Omensight Review

Reading Time: 4 minutes

Fast Facts

Title: Omensight
Developer: Spearhead Games/Nephilim Game Studios
Publisher: Digerati
Website: https://www.omensight.com/
Genre: Action and Adventure
Platform: Xbox One
Age Rating: PEGI 12
Release Date: 07/06/2019
Price: £16.74 – Rapid Reviews UK was very kindly provided with a review code for this title.

My last review was Spearhead Games’ Stories: The Path of Destinies, and as I enjoyed it so much and Omensight came in a bundle with it, I was more than happy to review Omensight too. I was a little anxious though; would I enjoy this game just as much, and would it live up to my expectations considering how highly I rated Stories? However, upon starting up the game and merely seeing the intro, my worries were immediately put to ease.

Set in the same universe as Stories, Omensight takes place in war-torn Urrallia, where the world is about to be destroyed by an evil God. Playing as the Harbinger, who appears in times of need, it is up to you to figure out how to save the world, as well as who killed Vera, the high priestess. To do so, you must relive Urralia’s last day time and time again, interacting with various characters to gain information.

There are a lot of similarities between Stories and Omensight in its concepts, but they also have different portrayals. This act of reliving the same day but discovering new information and paths each time remains the same, but this time we have the murder mystery aspect. I loved seeing the twist and turns of the story, the game leading you to think one person did it before steering you to another suspect. You can either work out who to spend the day with on your own, using the clues provided or have the game give you hints, which I opted for. I’m not the greatest at solving mysteries in fiction as I like to go along with the story, but if you want to do it on your own it should be a good challenge!

Including multiple characters to share the day with too took the narrative and the worldbuilding to the next level. Being able to interact with them made you grow more attached to them, and I loved that you could use their abilities in combat. Stories was a little lonely fighting alone, but there’s a sense of unity in Omensight, working together to solve the mystery. Also as much as I loved Reynardo, being the badass Harbinger, her sole purpose to save the world in peril was just as cool.

There were also a lot more cutscenes in this game, allowing you to see the characters in action and expand on the story. I did like the storybook aspect of Stories but seeing the story play out before your eyes, especially with the fantastic voice actors and humorous dialogue, took it the extra mile. I particularly liked how the characters would comment if you took too long smashing barrels!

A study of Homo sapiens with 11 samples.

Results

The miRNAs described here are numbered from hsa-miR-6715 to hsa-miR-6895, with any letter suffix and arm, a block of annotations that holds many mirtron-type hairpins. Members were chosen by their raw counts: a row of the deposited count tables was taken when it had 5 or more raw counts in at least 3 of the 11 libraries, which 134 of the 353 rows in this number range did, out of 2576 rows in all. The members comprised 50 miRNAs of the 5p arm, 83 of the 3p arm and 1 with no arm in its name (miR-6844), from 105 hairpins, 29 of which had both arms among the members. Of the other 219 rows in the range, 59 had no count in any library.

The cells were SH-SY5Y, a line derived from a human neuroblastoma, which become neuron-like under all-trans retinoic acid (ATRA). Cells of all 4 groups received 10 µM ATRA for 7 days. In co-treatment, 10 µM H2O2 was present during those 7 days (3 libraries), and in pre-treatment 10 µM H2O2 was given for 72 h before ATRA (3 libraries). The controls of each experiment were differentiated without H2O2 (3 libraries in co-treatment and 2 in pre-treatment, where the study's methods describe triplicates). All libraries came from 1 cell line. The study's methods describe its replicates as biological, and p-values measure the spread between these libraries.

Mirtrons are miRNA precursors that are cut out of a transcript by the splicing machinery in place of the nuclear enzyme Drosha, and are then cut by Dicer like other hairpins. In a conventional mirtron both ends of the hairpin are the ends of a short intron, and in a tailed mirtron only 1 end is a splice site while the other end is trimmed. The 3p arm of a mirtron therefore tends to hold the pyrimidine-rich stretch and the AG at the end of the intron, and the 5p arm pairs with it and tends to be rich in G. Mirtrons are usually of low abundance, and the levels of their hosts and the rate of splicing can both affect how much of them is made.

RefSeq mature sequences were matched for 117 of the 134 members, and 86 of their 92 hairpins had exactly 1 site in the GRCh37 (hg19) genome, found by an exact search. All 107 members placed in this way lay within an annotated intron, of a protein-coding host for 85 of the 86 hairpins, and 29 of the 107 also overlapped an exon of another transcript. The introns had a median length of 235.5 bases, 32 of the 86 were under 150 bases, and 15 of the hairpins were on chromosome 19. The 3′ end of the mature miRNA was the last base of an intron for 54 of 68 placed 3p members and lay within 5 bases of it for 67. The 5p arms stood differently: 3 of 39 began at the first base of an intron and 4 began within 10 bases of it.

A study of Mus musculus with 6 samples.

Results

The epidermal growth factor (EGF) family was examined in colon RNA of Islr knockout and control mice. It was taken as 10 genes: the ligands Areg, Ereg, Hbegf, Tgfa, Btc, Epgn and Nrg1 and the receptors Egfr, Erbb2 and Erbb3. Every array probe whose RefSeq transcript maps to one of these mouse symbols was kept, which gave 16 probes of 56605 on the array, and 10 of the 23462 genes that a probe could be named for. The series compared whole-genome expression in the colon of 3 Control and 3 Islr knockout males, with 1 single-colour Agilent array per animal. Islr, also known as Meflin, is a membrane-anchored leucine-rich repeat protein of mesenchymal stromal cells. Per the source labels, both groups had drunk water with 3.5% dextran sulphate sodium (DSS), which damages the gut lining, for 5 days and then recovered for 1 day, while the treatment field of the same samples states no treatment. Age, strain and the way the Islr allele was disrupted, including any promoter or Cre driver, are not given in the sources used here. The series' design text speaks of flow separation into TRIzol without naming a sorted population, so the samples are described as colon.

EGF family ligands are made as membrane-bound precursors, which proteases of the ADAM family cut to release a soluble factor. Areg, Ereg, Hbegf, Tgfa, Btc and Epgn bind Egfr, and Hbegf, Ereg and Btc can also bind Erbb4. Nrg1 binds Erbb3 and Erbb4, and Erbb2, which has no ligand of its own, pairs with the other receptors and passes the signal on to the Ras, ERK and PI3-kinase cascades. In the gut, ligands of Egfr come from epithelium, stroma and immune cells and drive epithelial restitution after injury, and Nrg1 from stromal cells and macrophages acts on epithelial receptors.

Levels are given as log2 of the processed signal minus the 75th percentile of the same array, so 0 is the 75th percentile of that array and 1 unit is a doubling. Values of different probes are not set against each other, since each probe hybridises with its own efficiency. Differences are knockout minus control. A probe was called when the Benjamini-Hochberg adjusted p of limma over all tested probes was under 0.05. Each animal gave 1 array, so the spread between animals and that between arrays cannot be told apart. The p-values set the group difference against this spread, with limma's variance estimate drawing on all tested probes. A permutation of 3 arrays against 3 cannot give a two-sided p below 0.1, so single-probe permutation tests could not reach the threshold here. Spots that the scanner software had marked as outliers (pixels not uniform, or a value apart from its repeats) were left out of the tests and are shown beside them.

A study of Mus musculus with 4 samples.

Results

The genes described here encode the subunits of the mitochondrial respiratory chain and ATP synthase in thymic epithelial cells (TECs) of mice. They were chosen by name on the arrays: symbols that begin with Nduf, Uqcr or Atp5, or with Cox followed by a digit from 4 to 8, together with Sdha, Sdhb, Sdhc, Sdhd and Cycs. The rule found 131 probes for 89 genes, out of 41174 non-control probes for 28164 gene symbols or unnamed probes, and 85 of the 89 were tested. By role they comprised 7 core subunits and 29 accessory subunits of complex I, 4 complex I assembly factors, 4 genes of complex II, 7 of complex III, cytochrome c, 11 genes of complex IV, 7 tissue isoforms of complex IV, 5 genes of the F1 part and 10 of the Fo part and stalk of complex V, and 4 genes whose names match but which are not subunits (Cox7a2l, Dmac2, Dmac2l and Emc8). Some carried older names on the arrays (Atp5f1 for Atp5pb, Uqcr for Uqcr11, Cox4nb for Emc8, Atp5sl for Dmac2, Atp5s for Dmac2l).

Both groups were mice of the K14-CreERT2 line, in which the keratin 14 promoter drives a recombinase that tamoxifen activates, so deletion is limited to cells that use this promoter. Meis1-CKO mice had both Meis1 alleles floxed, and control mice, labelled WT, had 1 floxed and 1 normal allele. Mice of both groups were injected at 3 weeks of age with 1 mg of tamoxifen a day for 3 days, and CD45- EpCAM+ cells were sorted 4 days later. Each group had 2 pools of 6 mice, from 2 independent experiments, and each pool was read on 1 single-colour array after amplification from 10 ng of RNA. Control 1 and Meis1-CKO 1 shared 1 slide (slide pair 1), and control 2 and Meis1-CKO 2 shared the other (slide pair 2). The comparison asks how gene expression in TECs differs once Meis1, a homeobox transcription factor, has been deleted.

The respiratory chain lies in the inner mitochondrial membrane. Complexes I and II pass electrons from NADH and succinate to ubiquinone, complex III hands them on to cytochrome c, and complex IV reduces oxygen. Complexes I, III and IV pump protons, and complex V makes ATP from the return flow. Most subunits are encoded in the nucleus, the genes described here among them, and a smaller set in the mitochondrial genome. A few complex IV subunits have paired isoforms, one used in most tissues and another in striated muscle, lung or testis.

The combat is just as slick and acrobatic, using your sword to attack, but this time there are a lot more abilities to unlock. As well as now being able to jump, you can roll, freeze time, dash, throw and flurry attack. Your abilities and health can then be upgraded with amber shards, which are found in breakable objects. The combat is fast and you have to be really quick on all your abilities to dodge attacks. I was on the mid-level difficulty and this was not too difficult at all, though the final boss’ first stage can be quite challenging.

I commented on the graphics and visuals before, saying how it could be cool in a Spyro-like style. However it has definitely grown on me and I think it really suits the game, particularly with its character and armour design. It’s not incredible, but it can still be beautiful especially in its use of colour, with the bright red leaves of the trees falling onto the snow, the orange plumes of fire, and the Harbinger’s blue sparks of magic. I do like the characters being more basic, which we get to see more close up and in action with the cut scenes, but then having a detailed illustration in the dialogue boxes. The game is more reliant on the story rather than amazing graphics, and it works well.

Being a fantasy, adventure game, Omensight is not short in its epic soundtrack which rises to a crescendo at the height of the battle with choral voices. One of the characters Ratika even sings a song herself, fitting the bard aesthetic of fantasy worlds. It shifts between mystical as you stand next to the Tree of Life with the witch, and triumphant as you take down enemies with your companion.

You can replay the game to find hidden memories throughout, many locked behind different seals, which you will have gained the ability to unlock by the end of the game. There’s also a lot of achievements which you may have missed the first time around, or you may want to challenge yourself to a higher difficulty.

Overall, I am really impressed that Omensight took everything I loved from Stories and tweaked it so that it was that bit better. Being able to interact with the characters was a great way to draw you into the world and have you second-guessing who you could trust. I’m excited to see Spearhead Games’ next project!

Rapid Reviews Rating

You can purchase Omensight from the Microsoft Store on the following link, https://www.microsoft.com/en-gb/p/omensight/9nvnvlh2kr2w#activetab=pivot:overviewtab

You can find and read our reviews on OpenCritic.